Tata’s Nano Plant Now a Hub for the Company’s EVs

At a time when the government is rigorously pushing for electric vehicles and policies to shift the dynamic of its transport system to electric. Tata’s decade old and almost forgotten ‘Nano Plant’ or Sanand Industrial Estate in Gujarat is the new hub of the company’s electric vehicle plans.

Having faced excessively low capacity utilisation at what was once called the ‘Nano plant’, the company has now achieved 100 per cent capacity utilisation. With annual production reaching about 150,000 units and a multi-model flexible system which is capable of producing 21 variants with 150 vehicle combinations, Tata plans to manufacture a bulk of its cars from this plant. The plant is living up to the company’s demands, manufacturing currently the Nano, Tiago and Tigor models including the AMT and EV variants, it has rolled out 4,50,000 units so far since inception in 2010 and is likely to cross 5,00,000 by October this year.

Mayank Pareek, President of Tata Motors’ Passenger Vehicles Business Unit said,
“The Sanand plant has evolved from being a single model to a multi-model flexible plant producing 21 variants with 150 vehicle combinations. The plant plays a key role to meet the demand for Tiago and Tigor hatchbacks.”

He further commented on the plants EV production line, “Based on superlative
performance at our Sanand plant, we have decided to start our EV initiative from here. Sanand is the EV leader in India and it is from this place where we are supplying vehicles to Energy Efficiency Services Limited (EESL).”

The Sanand plant produced Tata Motors’ first electric PV for commercial use in the form of Tigor EV. This was part of Energy Efficiency Services Ltd.’s (EESL) order for procurement of electric cars for government departments. However, they weren’t exactly off to an electrifying start with their first users, with issues ranging from low range to lack of charging infrastructure being blamed for apparent reluctance to travel in the cars.  The company has a target of manufacturing more than 5,000 electric variants of the Tigor model, based on the agreement with EESL. Of these, some 250 vehicles have already been manufactured and rolled out in March 2018.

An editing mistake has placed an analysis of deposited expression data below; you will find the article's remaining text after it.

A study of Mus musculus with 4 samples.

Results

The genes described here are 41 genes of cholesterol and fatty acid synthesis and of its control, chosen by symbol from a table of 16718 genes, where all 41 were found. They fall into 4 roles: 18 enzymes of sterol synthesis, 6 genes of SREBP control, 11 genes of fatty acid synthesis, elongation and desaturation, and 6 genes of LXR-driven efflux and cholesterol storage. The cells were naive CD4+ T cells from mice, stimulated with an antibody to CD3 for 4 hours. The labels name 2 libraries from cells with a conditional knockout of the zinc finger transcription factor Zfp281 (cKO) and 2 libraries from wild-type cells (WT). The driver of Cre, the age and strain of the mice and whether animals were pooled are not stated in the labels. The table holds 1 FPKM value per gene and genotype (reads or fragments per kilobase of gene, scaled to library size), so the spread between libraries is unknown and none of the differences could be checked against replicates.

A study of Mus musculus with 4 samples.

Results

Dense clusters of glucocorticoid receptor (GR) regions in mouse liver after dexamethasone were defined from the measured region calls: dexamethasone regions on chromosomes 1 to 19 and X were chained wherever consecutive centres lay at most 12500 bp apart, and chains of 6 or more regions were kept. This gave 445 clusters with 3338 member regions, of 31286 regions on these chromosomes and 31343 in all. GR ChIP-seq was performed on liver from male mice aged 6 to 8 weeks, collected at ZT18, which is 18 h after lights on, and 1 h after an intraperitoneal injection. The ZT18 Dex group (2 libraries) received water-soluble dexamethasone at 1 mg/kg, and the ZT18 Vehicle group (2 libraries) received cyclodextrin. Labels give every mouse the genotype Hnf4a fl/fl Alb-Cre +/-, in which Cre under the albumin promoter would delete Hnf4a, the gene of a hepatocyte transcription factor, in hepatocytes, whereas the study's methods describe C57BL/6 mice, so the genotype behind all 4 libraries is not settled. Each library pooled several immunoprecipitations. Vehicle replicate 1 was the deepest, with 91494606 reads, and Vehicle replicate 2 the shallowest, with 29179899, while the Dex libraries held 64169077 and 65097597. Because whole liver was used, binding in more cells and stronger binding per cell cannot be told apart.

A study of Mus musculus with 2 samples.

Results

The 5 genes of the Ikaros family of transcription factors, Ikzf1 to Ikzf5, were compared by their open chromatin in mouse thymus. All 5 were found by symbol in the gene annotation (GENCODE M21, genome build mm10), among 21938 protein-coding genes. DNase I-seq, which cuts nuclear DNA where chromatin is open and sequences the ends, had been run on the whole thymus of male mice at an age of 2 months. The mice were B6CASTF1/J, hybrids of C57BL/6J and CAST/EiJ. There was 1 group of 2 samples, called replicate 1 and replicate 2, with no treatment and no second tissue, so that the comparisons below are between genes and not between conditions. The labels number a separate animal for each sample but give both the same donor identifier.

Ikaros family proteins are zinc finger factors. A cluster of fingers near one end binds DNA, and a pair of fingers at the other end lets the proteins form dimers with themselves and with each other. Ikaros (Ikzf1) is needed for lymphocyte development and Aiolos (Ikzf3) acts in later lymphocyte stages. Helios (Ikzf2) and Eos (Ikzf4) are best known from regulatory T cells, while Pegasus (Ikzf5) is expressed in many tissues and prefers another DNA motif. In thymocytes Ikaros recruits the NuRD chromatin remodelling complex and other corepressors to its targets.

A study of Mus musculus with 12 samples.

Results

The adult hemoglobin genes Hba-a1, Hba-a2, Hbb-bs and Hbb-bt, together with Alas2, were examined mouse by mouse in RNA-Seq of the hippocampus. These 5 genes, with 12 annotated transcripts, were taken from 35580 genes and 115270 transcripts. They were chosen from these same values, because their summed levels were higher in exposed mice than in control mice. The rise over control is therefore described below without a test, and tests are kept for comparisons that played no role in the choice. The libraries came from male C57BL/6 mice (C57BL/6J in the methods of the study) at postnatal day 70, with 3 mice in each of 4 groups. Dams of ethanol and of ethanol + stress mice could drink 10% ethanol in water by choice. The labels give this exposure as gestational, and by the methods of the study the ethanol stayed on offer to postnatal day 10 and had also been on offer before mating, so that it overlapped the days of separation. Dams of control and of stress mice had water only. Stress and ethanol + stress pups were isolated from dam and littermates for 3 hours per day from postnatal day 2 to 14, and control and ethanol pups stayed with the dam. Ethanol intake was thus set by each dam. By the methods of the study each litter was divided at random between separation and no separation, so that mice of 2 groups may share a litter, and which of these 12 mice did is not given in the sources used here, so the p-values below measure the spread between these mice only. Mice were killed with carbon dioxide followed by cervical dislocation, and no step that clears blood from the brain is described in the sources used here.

Speaking about the future plans of the company with regards to electric vehicle
manufacturing at Sanand, Pareek said, “There are several factors which need to be taken into consideration including government policy around electric vehicles as well as the infrastructure to charge electric vehicles. We will take a further decision then after.” Tata Motors plans to expand the plant’s production capacity to 500 from 400 vehicles per day, by the end of this financial year 2018-19. However, no investments are scheduled for the year. The plant will aim to meet nearly 60% of the overall demand and a majority of the company’s cars working in tandem with the Pune plant.